THE NISSAN Qashqai may be the most popular SUV in Britain, but for many it is a beast of burden and a charmless way of transporting the family from A to B. With those drivers in mind, Citroën has created the Aircross, a five-seat SUV that may be about the same size as a Qashqai, but there the similarities end: it is as thought-provoking in its design as family cars get.
There’s every likelihood that the Aircross, a concept car that has been built to drum up attention for the French car maker at the Shanghai motor show (China is Citroën’s largest market), is more than just a flight of fancy. After launching the smaller C4 Cactus, last October, Citroën has found a small army of new followers who admire its avant-garde design.
The Aircross is equally different from the crowds of mid-sized SUVs on the market. Citroën says it creates “mental well-being” and “symbolises energy and serenity”, which brings to mind a yoga class more than a carful of children.
Still, seats are super-sized, for super-comfort, apparently, and the conscience of the driver is eased ever so slightly by the presence of a hybrid petrol-electric powertrain. The system is plug-in, and the range of the lithium-ion battery and electric motor is 31 miles, Citroën says.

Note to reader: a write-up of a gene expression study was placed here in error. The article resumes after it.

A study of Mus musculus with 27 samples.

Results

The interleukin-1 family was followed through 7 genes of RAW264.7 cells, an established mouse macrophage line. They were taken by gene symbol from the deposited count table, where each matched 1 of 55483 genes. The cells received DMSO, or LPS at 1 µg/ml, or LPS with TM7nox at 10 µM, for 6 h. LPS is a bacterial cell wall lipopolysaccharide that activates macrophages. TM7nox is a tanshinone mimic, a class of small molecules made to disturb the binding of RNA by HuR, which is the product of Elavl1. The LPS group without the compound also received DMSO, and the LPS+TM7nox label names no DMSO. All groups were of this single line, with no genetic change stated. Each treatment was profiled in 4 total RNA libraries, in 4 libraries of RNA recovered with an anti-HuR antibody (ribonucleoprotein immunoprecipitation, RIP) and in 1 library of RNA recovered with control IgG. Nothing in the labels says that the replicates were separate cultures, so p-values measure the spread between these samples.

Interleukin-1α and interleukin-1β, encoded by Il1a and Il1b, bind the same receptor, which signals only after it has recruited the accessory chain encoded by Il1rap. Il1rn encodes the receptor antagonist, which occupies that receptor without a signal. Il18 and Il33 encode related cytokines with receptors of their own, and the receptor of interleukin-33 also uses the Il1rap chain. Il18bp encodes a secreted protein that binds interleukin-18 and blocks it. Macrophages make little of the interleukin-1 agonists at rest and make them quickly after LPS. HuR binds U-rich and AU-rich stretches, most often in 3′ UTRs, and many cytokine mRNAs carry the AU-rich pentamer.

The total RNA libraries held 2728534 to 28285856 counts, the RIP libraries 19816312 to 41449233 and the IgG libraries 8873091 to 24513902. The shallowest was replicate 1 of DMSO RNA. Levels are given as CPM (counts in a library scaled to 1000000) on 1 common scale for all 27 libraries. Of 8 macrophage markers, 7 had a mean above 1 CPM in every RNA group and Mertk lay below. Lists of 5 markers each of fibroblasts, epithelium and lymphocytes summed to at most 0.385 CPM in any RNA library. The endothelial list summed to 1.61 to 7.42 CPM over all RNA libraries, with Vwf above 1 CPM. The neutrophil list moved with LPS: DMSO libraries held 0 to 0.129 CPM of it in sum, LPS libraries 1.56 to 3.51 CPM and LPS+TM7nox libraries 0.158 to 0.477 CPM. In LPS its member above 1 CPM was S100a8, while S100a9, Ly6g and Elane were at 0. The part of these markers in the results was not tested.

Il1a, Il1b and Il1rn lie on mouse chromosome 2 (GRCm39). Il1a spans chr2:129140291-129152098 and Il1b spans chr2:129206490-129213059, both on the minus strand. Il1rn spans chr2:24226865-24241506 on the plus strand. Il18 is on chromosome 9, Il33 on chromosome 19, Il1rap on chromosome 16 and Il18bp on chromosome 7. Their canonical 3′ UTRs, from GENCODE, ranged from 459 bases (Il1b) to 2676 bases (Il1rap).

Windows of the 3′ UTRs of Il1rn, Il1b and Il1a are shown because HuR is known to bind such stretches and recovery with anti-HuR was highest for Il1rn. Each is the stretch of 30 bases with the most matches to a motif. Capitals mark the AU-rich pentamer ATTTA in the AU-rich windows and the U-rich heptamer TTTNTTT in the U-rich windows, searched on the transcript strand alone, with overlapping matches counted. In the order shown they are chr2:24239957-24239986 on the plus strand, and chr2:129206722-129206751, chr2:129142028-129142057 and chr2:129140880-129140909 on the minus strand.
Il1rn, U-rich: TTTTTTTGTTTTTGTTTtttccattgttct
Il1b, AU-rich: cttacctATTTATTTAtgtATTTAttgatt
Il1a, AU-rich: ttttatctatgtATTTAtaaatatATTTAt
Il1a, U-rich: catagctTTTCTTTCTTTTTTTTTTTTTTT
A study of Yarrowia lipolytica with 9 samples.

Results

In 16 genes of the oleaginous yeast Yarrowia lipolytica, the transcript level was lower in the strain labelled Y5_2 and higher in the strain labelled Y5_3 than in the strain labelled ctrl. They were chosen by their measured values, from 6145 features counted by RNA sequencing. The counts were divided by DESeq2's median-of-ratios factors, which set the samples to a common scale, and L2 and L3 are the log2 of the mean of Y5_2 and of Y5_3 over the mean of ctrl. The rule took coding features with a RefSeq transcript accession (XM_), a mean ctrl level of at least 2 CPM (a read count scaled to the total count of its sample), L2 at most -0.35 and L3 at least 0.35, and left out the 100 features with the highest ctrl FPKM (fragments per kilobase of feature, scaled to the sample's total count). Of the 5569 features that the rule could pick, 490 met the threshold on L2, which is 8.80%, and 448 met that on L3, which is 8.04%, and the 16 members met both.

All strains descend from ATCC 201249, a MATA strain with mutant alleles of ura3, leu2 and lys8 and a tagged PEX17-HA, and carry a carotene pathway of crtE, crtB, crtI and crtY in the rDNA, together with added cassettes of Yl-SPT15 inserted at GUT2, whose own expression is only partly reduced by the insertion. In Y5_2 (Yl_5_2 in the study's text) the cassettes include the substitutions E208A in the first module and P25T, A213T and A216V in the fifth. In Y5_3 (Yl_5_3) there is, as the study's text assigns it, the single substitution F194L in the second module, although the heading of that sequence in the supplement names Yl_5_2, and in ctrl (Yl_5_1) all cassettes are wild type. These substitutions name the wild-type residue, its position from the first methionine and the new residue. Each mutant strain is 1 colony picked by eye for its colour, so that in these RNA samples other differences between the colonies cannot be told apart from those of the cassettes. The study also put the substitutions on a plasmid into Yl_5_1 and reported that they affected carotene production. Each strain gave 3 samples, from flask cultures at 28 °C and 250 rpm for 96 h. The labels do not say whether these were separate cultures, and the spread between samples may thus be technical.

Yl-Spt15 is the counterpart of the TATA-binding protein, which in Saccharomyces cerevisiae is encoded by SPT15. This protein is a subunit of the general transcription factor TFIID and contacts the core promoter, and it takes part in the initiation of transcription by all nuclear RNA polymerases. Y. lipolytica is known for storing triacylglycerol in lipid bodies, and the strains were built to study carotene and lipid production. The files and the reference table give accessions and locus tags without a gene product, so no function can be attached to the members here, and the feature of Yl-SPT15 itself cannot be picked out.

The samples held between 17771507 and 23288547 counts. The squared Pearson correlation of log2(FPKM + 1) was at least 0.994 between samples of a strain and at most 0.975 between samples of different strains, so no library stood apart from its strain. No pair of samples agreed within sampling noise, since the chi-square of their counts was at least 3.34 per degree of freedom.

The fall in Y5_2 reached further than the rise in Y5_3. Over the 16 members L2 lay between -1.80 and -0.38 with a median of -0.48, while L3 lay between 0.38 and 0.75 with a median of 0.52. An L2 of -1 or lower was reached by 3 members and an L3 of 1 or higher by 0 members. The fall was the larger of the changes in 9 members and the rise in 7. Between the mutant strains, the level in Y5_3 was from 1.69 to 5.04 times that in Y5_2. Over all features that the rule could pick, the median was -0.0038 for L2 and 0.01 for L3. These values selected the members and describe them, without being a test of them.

The motor is complemented by a 1.6-litre four-cylinder turbocharged petrol engine, and together they generate 308bhp, yet the Aircross has the potential – on paper at least – to achieve 166mpg and emit just 39g/km of CO2.
So, while the car boasts impressive eco-credentials, performance is positively sporty. By its engineers’ calculations, the car could accelerate from 0 to 62mph in just 4.5 seconds, which would blow a Golf R into the weeds and ensure the Aircross gets to the school gates first.
Such cars are proving increasingly popular. Sales of the similarly sized Mitsubishi Outlander are romping away at an average of 1,000 a month, which is impressive for a car costing from £28,249 (after the £5,000 government plug-in car grant).
Linda Jackson, the head of the French car maker, says statement-making cars such as the Aircross are important and Citroën has to tempt drivers into showrooms. “It’s no good being everybody’s third choice. You end up having to use discounts to persuade buyers to choose your vehicles, and at that point you don’t have a sustainable business,” she told Autocar magazine.
“It will take time, but it is certain that the next generation of Citroëns will be a leap forward for us. If we want stand-out cars, then we have to be bold.”
The Aircross is “intended for sale around the world”, Citroën says, but when that will be, how much it will cost and how closely its design will remain faithful to the concept remain to be seen.